Sit up and pay attention, Firefox fans. Mozilla has just released details on what they plan to include for version 3.6 of their popular browser, and so far it's looking delicious. The code name for the version is Namoroka, a national park in Madagascar, which keeps to Mozilla's naming conventions.
Mozilla has split development of this build off from the development of the upcoming version 3.5, and it has also been expected that 3.6 will not even be the final version number, according to Mozilla Links. So what kind of changes are looking at? Well, according to the official Wiki for the version, this is the focus:
Observable improvements in user-perceptible performance metrics such as startup, time to open a new tab, and responsiveness when interacting with the user interface. Common user tasks should feel faster and more responsive.
Personalization & Customization:
Simplify the development, discovery, installation and management of browser customization and functional extension. Where possible, provide a custom fit user experience based on a user's interaction history. Act in the user's interests, leveraging existing knowledge about their identity and browsing habits.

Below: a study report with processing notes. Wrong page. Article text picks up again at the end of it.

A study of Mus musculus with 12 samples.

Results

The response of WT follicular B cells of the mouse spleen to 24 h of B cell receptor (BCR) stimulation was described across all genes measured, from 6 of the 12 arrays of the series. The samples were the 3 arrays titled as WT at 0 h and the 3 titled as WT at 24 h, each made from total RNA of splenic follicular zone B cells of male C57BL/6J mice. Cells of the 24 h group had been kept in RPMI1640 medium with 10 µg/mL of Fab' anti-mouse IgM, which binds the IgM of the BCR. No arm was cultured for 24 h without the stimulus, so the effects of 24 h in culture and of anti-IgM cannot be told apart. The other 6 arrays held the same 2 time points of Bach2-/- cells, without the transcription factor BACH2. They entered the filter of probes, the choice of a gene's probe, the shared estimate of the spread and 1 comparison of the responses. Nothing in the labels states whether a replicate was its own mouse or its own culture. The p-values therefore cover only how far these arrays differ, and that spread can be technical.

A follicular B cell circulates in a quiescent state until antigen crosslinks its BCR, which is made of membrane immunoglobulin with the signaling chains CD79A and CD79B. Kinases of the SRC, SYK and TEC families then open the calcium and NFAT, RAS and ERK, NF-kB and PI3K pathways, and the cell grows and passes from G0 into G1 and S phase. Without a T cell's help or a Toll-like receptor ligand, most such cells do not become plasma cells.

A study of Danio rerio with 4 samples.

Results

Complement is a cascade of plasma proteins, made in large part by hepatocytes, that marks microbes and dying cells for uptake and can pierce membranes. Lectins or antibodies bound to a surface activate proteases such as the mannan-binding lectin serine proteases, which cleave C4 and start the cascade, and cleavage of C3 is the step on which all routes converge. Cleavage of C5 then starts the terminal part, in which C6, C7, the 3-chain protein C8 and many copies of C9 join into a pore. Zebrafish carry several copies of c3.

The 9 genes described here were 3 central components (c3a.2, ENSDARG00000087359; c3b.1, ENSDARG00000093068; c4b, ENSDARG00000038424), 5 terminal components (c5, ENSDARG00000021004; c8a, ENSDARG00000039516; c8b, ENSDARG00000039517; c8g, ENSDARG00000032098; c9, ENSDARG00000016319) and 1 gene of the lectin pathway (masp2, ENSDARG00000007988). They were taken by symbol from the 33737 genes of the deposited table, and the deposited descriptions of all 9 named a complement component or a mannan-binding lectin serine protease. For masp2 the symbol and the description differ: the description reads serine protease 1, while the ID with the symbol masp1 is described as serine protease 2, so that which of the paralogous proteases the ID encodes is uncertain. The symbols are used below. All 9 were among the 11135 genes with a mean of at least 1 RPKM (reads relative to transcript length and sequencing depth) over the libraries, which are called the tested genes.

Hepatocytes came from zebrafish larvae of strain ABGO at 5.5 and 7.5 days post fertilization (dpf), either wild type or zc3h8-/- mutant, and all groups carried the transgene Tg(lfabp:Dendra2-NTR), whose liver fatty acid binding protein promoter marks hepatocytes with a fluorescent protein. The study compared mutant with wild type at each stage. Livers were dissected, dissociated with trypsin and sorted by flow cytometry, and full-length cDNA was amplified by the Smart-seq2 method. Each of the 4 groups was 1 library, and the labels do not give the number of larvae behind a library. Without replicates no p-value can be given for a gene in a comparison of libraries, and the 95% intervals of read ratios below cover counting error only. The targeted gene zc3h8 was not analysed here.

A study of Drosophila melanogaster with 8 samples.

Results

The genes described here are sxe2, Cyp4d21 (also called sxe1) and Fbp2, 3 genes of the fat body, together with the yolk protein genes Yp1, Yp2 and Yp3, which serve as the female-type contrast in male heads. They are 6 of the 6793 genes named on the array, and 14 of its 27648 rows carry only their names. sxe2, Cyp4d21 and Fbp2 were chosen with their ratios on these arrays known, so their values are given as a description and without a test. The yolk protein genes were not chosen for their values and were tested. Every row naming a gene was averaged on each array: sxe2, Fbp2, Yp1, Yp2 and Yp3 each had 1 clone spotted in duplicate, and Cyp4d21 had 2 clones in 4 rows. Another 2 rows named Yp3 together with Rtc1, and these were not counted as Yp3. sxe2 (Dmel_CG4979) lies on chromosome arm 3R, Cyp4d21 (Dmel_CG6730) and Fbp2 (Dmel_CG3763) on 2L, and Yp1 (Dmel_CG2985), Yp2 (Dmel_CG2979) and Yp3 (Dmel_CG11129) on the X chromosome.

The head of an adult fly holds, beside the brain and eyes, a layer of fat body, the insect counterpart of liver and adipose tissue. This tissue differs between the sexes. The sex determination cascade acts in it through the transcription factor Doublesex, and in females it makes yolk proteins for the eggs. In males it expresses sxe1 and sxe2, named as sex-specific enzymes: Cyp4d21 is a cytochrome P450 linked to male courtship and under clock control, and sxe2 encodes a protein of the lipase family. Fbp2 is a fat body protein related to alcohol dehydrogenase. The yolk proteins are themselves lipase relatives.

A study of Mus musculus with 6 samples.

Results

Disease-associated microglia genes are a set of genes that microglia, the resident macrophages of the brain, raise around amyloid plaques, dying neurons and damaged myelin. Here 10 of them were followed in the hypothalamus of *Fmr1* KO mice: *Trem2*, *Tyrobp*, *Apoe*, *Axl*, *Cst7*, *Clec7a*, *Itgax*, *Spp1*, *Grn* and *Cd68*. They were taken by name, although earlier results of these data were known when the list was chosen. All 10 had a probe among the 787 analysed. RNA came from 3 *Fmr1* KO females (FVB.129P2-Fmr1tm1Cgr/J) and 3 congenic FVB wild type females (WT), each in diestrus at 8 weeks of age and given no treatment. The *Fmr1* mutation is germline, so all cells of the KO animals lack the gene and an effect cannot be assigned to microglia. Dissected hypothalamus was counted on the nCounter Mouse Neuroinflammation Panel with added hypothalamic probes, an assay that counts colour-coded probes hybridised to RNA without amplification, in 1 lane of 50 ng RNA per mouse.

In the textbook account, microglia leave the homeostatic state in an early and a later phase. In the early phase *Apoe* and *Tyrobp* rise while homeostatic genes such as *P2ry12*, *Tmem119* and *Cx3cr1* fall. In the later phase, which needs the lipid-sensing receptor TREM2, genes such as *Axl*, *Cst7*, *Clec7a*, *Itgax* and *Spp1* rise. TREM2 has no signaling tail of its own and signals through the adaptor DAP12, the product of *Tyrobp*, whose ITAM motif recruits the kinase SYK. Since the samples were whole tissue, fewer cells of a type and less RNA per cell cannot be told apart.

Task Based Navigation:
Allow users to organize their tabs, history, downloaded files, and other resources according to the task they were attempting to accomplish. Provide support for executing common web-based tasks, mash-up style, without having to visit a website.
Web Application Support:
Blur the distinction between web and desktop applications, providing web developers with the tools required to create rich application experiences for a user who is connected or disconnected from the Internet. Act as the intermediary between web applications and the user's OS desktop.
Integrate with the look and feel of the host operating system, including data-level interactions with existing system services such as dictionaries.
It's interesting to see Web Applications support in there; currently this is only available by downloading Mozilla Prism, or even more alternatively, Google Chrome. Some other changes include a new theme for Windows, which will be Aero Glass based, a better method for file uploading, and the ability to install themes and extensions without having to restart the application. This is going to be a big one for fans of theming for Firefox, as having to restart the software each time is a pretty significant time waster, especially to those who try a lot of themes before they settle on one.
It's expected for this version to be publicly available in May 2010, so there's still a bit of a wait to go yet.